In light of the recent story regarding hackers loading viruses onto PCs in the factory, David Harley, senior research fellow, ESET and Mark James, technical team leader, ESET UK made the following comments:
David Harley, senior research follow, said, “This isn't just a known factory-specific attack like the Rakshasa Proof of Concept attack, but an attack delivered via unsecured supply chains, which means anywhere from the factory that assembled the PC (potentially even before that, if the factory sources components from outside, though I don't know how often PC factories buy in pre-imaged hard disks) to the retailer from whom the customer received it, including wholesalers (and even transport providers, in theory). More often than not, the customer doesn't know much about the origins of the system he buys, let alone the supply chain by which it reaches him.
“Of course, it's possible for a system to be compromised at the factory, and not necessarily deliberately: I remember early in my AV admin days checking a couple of factory-fresh PCs for the IT department I worked in and discovering at first bootup that they were already infected with Michelangelo. Not a big problem for us, but the supplier was mortified. Nowadays, though, it's far more complicated. In this case, the malware is capable of spreading via USB devices, so if an imaged disk wasn't actually protected before it was despatched - as presumably it wasn't - intentional or inadvertent infection would be all too easy.”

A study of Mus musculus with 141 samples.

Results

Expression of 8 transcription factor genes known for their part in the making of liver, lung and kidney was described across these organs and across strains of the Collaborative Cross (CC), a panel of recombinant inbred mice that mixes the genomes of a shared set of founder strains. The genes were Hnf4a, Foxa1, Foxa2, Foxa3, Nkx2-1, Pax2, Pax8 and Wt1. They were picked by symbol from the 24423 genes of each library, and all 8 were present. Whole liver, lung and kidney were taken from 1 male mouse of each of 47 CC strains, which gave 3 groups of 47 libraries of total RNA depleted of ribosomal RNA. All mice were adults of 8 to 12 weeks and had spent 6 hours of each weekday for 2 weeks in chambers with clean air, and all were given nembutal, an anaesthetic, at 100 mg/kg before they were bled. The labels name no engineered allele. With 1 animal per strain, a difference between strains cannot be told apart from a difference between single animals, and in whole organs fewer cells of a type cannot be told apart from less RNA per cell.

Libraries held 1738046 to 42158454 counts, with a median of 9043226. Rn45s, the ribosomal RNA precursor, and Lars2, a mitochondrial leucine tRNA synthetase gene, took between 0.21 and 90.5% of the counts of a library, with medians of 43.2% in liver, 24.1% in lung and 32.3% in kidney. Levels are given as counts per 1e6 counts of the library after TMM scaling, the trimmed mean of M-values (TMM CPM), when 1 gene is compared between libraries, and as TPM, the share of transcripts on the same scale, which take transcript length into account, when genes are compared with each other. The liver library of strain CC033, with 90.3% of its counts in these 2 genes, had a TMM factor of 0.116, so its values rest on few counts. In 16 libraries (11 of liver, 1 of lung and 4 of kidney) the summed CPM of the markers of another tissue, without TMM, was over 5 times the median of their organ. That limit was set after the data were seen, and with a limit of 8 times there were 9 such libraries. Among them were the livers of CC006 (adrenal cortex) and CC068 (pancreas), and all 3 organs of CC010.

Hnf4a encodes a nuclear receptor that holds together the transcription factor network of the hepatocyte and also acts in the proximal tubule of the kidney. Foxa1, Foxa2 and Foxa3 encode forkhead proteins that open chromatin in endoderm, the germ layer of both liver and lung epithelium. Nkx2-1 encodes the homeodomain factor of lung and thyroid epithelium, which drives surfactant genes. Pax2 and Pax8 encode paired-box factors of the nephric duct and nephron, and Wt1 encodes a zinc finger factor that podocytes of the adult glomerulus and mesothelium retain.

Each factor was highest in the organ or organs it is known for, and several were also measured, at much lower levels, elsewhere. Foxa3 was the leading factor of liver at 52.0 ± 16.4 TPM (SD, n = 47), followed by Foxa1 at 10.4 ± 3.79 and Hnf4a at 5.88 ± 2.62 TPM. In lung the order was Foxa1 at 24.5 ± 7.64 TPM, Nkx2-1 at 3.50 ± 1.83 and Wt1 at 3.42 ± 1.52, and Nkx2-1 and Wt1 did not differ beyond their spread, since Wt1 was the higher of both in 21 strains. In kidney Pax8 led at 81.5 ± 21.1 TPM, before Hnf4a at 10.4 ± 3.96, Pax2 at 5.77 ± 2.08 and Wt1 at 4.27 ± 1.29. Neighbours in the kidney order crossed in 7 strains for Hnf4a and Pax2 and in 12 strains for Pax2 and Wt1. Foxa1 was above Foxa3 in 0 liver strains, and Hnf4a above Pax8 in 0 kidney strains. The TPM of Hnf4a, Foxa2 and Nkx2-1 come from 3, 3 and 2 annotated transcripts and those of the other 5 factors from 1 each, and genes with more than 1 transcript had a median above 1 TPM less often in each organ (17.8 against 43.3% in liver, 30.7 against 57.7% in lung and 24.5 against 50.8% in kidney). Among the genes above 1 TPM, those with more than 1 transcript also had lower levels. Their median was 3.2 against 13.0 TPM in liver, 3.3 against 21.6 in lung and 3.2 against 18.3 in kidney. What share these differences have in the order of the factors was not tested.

Mark James, technical team leader, said, “It seems the logical place to start, if at all possible, from the malware writer's point of view; a lot of "home" users would just un-box and switch on, with Antivirus software typically being one of the later items people consider installing once the machine is up and running, usually expecting it to be preloaded from Day One. If the machine is already infected and talking to the outside world, the end user may be unaware and accept any strange occurrences as "normal for a new machine". Often the end user notices when a new machine becomes "infected and slower", but in this scenario, may not until a specific problem arises. Apart from installing the operating system (OS) yourself and installing a good Antivirus from day one, there is not a lot users can do to protect against this type of abuse and to be honest, this is often beyond the limits of the average home user. I would hope a business environment would have a procedure in place to test new machines for any kind of infection before it was added to the domain or work environment using a good Antivirus program.”